It’s sometimes wiser to avoid change for change’s sake and it’s why I oppose government plans to privatise the East Coast Main Line.
Most northern MPs united against privatisation in a recent Commons debate.
The chancellor says we should balance the books and keep costs down for taxpayers. He should chat with the transport secretary who ignores how the publicly owned line provides vast sums of money to the national coffers.
And value for money. It has far less public subsidy than private operators and reinvests its profits in the service rather than dividends.
As one who has used the line since I was a child and now twice a week to Westminster and back, I can say that the service is very good.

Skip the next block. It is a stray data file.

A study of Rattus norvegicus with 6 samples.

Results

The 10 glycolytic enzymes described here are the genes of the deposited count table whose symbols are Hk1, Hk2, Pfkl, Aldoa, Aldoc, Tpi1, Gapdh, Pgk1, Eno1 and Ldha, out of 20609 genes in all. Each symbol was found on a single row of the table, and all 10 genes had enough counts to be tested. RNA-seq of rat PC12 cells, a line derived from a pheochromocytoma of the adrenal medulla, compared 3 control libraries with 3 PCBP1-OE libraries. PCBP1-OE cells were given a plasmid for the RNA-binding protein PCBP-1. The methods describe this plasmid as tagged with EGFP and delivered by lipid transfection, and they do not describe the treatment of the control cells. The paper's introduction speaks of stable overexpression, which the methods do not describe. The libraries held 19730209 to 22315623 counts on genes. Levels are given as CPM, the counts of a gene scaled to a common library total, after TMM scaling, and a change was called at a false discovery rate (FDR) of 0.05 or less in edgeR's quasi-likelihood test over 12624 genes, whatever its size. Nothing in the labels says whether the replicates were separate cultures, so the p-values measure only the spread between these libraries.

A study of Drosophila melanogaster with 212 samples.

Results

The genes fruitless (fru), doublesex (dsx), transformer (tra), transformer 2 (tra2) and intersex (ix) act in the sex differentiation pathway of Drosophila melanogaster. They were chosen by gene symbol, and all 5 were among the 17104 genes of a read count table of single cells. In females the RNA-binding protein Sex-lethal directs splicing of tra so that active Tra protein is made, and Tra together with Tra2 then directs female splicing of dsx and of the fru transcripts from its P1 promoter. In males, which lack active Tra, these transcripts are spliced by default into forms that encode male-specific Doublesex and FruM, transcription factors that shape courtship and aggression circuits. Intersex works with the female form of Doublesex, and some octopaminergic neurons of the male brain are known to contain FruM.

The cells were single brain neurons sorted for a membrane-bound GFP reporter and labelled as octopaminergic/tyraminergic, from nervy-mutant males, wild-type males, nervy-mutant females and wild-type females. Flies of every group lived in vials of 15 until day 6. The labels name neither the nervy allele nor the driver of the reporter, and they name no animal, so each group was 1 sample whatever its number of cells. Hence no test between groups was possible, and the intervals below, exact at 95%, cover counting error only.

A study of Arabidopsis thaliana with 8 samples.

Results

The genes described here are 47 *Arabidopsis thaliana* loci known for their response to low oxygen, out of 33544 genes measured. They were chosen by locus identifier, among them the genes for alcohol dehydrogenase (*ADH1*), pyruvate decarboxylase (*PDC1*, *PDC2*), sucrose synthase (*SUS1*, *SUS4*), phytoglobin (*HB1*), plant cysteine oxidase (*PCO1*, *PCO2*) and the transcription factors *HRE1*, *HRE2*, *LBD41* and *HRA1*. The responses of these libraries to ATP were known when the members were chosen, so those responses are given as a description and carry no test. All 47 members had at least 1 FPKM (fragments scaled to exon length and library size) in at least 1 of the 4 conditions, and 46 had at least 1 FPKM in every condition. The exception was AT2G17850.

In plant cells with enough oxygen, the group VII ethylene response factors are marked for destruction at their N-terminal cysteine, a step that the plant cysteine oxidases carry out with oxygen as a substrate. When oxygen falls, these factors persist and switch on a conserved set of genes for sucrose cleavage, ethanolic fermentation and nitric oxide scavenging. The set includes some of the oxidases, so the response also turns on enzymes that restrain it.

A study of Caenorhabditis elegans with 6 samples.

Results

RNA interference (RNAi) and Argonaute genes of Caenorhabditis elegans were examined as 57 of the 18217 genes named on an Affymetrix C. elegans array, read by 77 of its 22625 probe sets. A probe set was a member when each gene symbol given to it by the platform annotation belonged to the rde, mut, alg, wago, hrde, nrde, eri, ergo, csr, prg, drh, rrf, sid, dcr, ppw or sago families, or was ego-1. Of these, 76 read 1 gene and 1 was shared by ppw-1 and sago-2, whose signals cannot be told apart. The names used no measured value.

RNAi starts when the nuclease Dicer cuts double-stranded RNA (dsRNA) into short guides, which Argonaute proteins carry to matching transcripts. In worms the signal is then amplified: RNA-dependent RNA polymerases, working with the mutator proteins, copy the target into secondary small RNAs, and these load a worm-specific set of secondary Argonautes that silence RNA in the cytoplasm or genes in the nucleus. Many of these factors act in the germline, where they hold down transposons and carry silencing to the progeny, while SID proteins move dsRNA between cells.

I have also seen many improvements in the past three years. The trains are mostly punctual and staff are always friendly and helpful.
Most delays are beyond the control of the company, which operates a fantastic compensation scheme that refunds the fare.
The rewards scheme means that there is plenty of opportunity for free journeys, which also saves money on MPs’ expenses.
Could we seriously expect the same from a private operator whose first priority is to keep its shareholders happy? Experience elsewhere suggests not.
Privatisation for privatisation’s sake would ignore what is best for the rail industry. It’s best to leave well alone.
Frances O’Grady, the TUC chief who chairs Action for Rail, rightly says that privatisation defies all logic. It shows that the government spurns evidence-based policy for the sake of the interests of private companies and shareholders rather than commuters, taxpayers and staff.